Nov 17, 2002 | AP

Cardinal Bernard F. Law, in his first public appearance since resigning over his role in the clergy sex abuse scandal, said stepping down was the best way to serve his flock.

The Roman Catholic leader said Monday he had hoped to help oversee a new church policy to protect children, but public outrage over the crisis made that impossible.

"It came to be ever more clear to me that the most effective way I might serve the church at this moment was to resign," Law said Monday. He left without taking any questions from reporters.

Law had become the lightning rod of dissent among alleged victims, parishioners and, eventually, among fellow priests who criticized his handling of the scandal that ensnared dozens of priests and eventually spread to dioceses around the country.

Lawyers for abuse victims pledged to continue pursuing sexual abuse claims against the archdiocese, despite the Law's resignation and the appointment of his replacement.

Attorney Roderick MacLeish Jr. said that on Tuesday, his office intended to release to the public a new batch of internal church personnel files, which he called "some of the worst I've seen."

Law's resignation came as thousands of additional documents were released in recent weeks, detailing how the archdiocese responded to allegations against priests. Among the most shocking concerned a priest trading cocaine for sex and another having sex with teenage girls studying to become nuns by telling them he was the "second coming of Christ."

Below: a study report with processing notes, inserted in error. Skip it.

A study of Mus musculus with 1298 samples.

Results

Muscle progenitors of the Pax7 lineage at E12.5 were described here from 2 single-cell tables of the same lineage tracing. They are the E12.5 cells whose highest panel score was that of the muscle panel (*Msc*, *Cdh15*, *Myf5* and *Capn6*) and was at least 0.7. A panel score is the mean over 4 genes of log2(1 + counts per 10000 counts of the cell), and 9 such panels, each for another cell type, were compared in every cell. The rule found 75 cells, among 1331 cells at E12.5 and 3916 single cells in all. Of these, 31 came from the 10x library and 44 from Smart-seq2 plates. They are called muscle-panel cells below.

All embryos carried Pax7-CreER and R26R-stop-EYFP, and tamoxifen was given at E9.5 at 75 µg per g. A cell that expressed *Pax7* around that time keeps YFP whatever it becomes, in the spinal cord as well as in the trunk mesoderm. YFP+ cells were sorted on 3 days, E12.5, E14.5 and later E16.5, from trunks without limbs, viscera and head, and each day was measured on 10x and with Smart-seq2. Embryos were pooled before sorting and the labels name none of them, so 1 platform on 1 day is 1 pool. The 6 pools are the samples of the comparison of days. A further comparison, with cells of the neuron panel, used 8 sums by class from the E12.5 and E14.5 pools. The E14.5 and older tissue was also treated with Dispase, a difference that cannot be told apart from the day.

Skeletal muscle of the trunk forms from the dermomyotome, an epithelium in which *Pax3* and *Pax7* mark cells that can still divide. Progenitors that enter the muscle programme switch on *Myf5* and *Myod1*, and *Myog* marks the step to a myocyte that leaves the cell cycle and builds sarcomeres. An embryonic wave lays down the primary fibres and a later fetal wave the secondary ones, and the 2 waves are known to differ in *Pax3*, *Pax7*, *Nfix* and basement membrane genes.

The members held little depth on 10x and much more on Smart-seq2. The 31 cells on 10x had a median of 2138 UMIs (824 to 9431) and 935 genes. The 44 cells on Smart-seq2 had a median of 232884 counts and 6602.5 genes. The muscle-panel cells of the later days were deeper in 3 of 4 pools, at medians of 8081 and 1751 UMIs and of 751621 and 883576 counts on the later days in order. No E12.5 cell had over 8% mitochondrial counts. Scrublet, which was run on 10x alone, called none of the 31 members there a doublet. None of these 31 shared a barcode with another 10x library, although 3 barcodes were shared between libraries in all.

The files were released by lawyers representing more than 400 alleged victims suing the archdiocese. A judge ordered the clergy to hand over the files to plaintiffs' attorneys.

Criticism against Law intensified with the release of the files, culminating with a petition signed by nearly 60 priests in the archdiocese calling on Law to resign.

"It is my hope and it's my prayer that my resignation as archbishop might help the Archdiocese of Boston to experience healing, to experience reconciliation and to experience unity," Law said Monday.

Law expressed uncertainty about his future. He planned to take a brief vacation with fellow priests after Christmas and later retreat to a monastery. He said he would then live outside the archdiocese, but did not say where.

The Most Rev. Richard G. Lennon, an auxiliary bishop, has taken temporary control of the Boston Archdiocese, which is weighing bankruptcy after being sued by hundreds of alleged abuse victims.

On Monday, Law thanked God for "the grace and for the privilege to have served as archbishop," and again expressed regret for his errors. "To all those who have suffered for my shortcomings and my mistakes, I once again apologize and from them, I beg forgiveness," he said.

Reaction to Law's words ranged from skepticism to sympathy.

"I think that he was sincere. I don't think he was sincere enough," said Gary Bergeron, an alleged abuse victim. "I would have liked to have heard that he was interested in healing - not just healing the victims, but the family members, the laity, the walking wounded."

Scott Krueger, executive director of Voice of the Faithful, a lay reform group that called for Law's resignation, said: "It's hard to imagine that any person undergoing what has occurred to him over the past week would not be greatly humbled."